BHP - Eastbound is a classic. wasn't just a rehashed style.
those beats, raps, and recordings are raw. BHP is hip hop. too bad you couldn't recognize that.
By Bree Davies
By Emerald O'Brien
By Gina Tron
By Jon Solomon
By Drew Ailes
By Courtney Harrell
By Kyra Scrimgeour
It's a local-recording blitzkrieg. Look out below.
Grace is a project built around the songs of longtime Denver scenester Tom Mestnik and his compadre in Moot, bassist Bob Gumbrecht. The band's CD, Music With Knives, feels like an early Genesis album, what with consecutive songs that mention lambs ("Grey" and "The Dog and the Wolf") and subsequent references to hermits, kings and, in the second version of "Dust on the Shelf," the "face of God." Once "Come to Me, My Darkness Sweet" finally gets going (after an interminable intro), it's fairly effective, but all I could think of during "Eat, Drink and Be Merry (The Pirate's Song)" was Jethro Tull--and that's not something I enjoy doing, my friends (Integrated Productions, P.O. Box 84, Winooski, VT 05404). Unravelling Sylvia, by Slow Moving and Black Lines, another Mestnik combo, touches upon many of the same influences, but it's moderately more enjoyable. A lot of the lyrics hammer listeners over the head with their poetical importance (e.g., "Oh, to hacking at the links/With an angel wing" from "Talent, Ejaculation or..."), and when Mestnik is at his flightiest--as he is on "Autumn," a ditty that asks the musical question, "Who's to map my little town of pain?"--the results can make flesh crawl as effectively as a Wes Craven flick. But Mestnik's prominent, energetic guitar playing props up "Her Mistake" and "The Vines (Hey Now)," and Tom Liehe's sax lines and Carrie Beeder's cello make "Ever All Right" worth hearing. Still, anyone with an allergy to pretentiousness will be sneezing by song three (available in area record stores).
Guitarist Mike Serviolo describes the music made by his band, the Perry Weissman 3, as more lounge than jazz--but in truth, the sounds on the act's self-titled disc are too off-kilter to fit neatly into either category. "Snard" is a jaunty strummer that includes elliptical guitar lines and energetic splats courtesy of trombonist Rick Benjamin-Tebelau; "Soft Rock" is postmodern Burt Bacharach; "Ballad of the Lazy Sleepers" slips and slides over a languid seven-plus minutes; and a rendition of Thelonious Monk's "Epistrophy" is just plain screwy--but in a good way. Quirky, clever, infectious (Perry Weissman 3, 4476 Utica Street, Denver, CO 80212). The men of Concentrated Evil informed me that I have twice compared their recordings to Rage Against the Machine--but I'm not going to make that mistake thrice. The most recent Evil release, whose title (spelled out on the cover in Chinese characters) translates roughly to Big Nasty Infected Scar, sports a bit of punk funk, but there's also the Minutemen-like "UR Mine," the moody, deliberate "Scars," the straight metal of "Crayons," a chipper threat called "Pussy" and "The Chair," in which the title object squeaks for a minute or so. A lot of this stuff isn't exactly deathless, and the heavy moments aren't always heavy enough, but the group is more eclectic than I thought. In other words, I didn't once consider describing the disc as "ragin'" (Concentrated Evil, P.O. Box 440034, Aurora, CO 80044).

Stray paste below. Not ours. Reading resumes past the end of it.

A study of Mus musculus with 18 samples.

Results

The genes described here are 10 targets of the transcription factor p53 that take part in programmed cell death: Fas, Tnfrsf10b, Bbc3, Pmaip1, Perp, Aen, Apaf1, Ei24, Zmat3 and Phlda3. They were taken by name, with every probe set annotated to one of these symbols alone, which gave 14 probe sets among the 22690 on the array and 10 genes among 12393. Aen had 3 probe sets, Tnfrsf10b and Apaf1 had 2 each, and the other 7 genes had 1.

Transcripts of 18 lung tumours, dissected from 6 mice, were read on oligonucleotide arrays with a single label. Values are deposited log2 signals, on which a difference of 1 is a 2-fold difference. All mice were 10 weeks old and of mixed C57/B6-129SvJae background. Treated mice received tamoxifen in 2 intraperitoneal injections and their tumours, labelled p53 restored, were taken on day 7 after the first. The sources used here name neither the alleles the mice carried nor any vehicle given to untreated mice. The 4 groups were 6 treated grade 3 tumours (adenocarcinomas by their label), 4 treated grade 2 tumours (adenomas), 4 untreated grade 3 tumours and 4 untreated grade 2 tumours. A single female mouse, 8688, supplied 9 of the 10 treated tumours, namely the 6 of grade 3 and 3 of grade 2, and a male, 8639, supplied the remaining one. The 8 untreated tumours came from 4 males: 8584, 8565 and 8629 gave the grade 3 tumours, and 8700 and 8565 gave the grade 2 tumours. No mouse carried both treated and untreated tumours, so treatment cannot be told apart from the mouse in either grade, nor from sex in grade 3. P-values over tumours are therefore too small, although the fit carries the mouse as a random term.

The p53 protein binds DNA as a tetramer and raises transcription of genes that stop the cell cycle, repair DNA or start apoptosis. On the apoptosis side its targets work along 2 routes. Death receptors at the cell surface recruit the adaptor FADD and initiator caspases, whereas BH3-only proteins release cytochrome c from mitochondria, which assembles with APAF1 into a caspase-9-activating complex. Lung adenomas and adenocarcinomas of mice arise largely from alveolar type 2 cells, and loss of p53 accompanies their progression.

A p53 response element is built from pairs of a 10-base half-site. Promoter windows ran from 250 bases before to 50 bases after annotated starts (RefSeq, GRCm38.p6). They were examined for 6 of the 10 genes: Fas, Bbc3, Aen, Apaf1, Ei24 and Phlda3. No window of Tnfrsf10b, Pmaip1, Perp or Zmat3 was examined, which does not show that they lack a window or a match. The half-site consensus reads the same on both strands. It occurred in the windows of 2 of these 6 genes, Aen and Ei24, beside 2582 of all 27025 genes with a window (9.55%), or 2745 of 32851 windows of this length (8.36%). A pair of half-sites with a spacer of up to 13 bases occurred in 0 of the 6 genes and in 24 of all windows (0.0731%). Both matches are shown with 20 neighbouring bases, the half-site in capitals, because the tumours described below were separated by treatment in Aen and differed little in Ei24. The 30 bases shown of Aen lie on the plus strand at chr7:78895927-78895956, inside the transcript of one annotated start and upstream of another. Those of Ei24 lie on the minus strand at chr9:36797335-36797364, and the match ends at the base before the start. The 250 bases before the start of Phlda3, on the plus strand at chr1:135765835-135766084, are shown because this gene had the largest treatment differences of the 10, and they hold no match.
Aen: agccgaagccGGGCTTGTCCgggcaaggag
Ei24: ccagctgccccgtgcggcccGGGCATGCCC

Kingdom, a two-time winner at the Westword Music Awards Showcase, took the better part of a year to provide me with a copy of his debut CD, I Reign Omnipotent, but I'm glad he finally got around to it, because it's one of the most accomplished hip-hop CDs to come out of these parts. Following "The Coronation," a hilariously pompous intro, Kingdom shows his skills on a range of rap flavors: Wu-Tang nastiness ("Killing Spree"), R&B-inspired hybrids ("Shrimp & Lobster [Smooth Version]"), socially conscious rhyming ("Black Family") and so on. At this point, Kingdom hasn't come up with a style of his own; his songs echo the hits of other artists rather than establish a new blueprint. But Kingdom has a better chance than most of eventually rising to the level of his influences instead of simply being inspired by them (available in area record stores). On Big Red Sun, her latest for the Sugar Hill imprint, Mollie O'Brien is assisted by some mighty fine players, including guitarist Nick Forster and multi-instrumentalist John Magnie; folk favorites Robin and Linda Williams and Peter Rowan contribute vocals as well. But the key to Sun's success is producer Charles Sawtelle, who makes sure that none of the arrangements overwhelm the star of the show. O'Brien rocks the house on "Denver to Dallas" and a nicely singular "Brown-Eyed Handsome Man," but she's most bewitching on the Lucinda Wiliams-penned "Big Red Sun Blues" and the gorgeous "No Ash Will Burn," which she caresses ever so tenderly. It's her best album (available in area record stores).
After the end of Zestfinger, participants Ash Kirby and Chris Wright went on to form Curbside, whose disc, Storytown, practically screams "Boulder!" Kirby's voice and guitar playing are robust, and "Storytown," "Lifeboat" and "Dirty Little Secret" will hit home with people who can't understand why the Spin Doctors came and went so quickly. The studio sessioneers (including percussionist Gary Sosias and, of all people, jazz pianist Joe Bonner) also make noteworthy contributions, and the CD's production values are unimpeachable. In fact, listeners with a taste for college rock sans even the merest hint of a surprise are advised to belly up to the bar. Others, though, will probably regard Storytown as a generic entry in an overcrowded field (Plug Management, 1085 14th Street, #1408, Boulder, CO 80302).